The odor was excruciating. It seemed to permeate through every nook and cranny of the operating room. There was no escape. I put on two masks to halt the stench infiltrating my nostrils but it was no use. Most of the O.R. staff had rubbed mastisol on their masks to hide the smell. But like overly applied perfume on a person who hasn't bathed in days, it didn't do anything to eliminate the noxious fumes. Somebody had the bright idea of bringing in a cup of coffee grounds into the room to mask the stench. Now the operating room has the unfortunate aroma of a Starbucks with an overflowing toilet. I guess I won't be stopping there after work today. Everybody who ventured in the room was immediately driven out again by the stink, involuntarily covering their noses despite the masks that were already on their faces.
I tentatively peered over the ether screen to see how the surgeon was progressing. Through my watering eyes, I could tell he was making some advances. He was now able to get his whole hand in the patient's rectum. The floor bucket at his foot was filling up with a nauseating mixture of blood and stool. Soon he had half his forearm in the patient's colon, scooping out thick, hard, malodorous feces by the handful.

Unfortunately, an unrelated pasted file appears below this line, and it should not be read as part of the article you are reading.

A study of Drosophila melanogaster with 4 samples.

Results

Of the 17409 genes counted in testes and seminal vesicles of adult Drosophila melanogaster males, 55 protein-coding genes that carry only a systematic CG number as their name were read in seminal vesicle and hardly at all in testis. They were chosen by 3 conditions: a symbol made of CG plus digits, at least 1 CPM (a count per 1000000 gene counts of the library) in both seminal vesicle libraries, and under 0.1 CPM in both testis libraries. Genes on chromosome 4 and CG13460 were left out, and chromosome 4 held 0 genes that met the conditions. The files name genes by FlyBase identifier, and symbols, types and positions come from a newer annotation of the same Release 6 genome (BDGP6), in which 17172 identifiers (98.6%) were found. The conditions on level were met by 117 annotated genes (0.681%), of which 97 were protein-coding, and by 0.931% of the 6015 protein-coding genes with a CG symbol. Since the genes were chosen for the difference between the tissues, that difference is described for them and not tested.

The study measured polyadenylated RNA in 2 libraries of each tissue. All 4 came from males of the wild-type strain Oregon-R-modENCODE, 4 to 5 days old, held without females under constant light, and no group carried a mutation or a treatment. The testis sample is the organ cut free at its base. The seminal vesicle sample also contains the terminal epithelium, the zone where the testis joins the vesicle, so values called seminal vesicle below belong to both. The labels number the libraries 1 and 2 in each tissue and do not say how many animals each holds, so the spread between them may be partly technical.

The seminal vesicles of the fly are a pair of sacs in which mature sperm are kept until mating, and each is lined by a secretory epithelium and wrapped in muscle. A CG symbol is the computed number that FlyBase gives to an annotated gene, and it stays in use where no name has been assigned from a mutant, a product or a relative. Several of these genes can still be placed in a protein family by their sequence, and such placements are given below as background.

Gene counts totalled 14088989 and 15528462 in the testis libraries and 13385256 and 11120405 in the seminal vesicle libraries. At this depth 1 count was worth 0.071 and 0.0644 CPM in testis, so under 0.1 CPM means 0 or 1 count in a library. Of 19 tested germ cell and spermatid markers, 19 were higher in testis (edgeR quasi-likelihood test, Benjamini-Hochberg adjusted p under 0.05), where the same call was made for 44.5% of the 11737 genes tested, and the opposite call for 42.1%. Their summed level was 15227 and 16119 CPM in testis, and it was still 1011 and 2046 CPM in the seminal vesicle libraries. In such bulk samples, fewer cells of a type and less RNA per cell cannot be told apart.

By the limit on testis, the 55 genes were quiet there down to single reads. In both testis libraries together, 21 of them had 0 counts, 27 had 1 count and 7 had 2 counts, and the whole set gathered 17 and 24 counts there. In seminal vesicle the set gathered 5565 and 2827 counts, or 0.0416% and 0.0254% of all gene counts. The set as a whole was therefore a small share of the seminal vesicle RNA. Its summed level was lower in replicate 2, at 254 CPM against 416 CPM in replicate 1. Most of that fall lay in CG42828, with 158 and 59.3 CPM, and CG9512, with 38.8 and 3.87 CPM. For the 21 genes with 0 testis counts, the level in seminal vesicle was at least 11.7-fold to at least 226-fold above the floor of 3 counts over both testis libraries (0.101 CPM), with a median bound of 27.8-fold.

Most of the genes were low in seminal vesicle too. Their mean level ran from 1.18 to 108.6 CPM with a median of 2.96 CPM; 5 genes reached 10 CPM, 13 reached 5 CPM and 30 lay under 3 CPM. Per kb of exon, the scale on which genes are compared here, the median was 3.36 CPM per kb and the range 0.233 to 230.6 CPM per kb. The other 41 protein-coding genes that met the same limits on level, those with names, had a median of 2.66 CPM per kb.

"How much longer do you think?" I asked expectantly.
"Not much longer," he replied. "Just a little bit more I think before we hit the liquid stuff."
I sighed to myself. Time to give a little more muscle relaxant to relax the sphincters. Between the vasovagal reactions the patient was experiencing from having an arm stuffed up his colon to the exquisitely putrid bouquet of impacted stool, this case has not been any fun. Looking over the drapes, the surgeon now has his arm up to his elbow inside the patient. Just a little bit more, I think hopefully to myself. Then finally, he hit the jackpot. A gusher of liquid stool started pouring out of the patient. What a relief, for the patient and us. But the smell got even worse if that was even possible. The blood and liquid poop poured over the surgeons pants and shoes. It seemed to be going everywhere. But the surgeon looked satisfied.
He looked over at me at sighed, "I went $200,000 in debt to put my hand in somebody's butt and clean out his poop. I should have gone into anesthesia and have a nice clean job just twiddling knobs and looking at monitors all day."
I laughed at him and said, "I'm sure you make your mother proud."
As the nurse attempted to finish the case and clean up the patient, the surgeon quickly ungowned and rushed to the locker room to change, leaving a trail of stool and bloody footprints in his wake. I woke up the patient and moved him off the disgusting O.R. table onto the clean, dry gurney, ready for transport to recovery. Once outside, the fresh air filling my lungs felt like the first day of spring. The lack of any smell in the hallway itself was intoxicating. Looking back, I see the disgust of the cleaning crew as they enter the O.R. to do their jobs. I don't envy what they are about to do to make the room presentable for the next case. I smile to myself, yes it's good to be an anesthesiologist.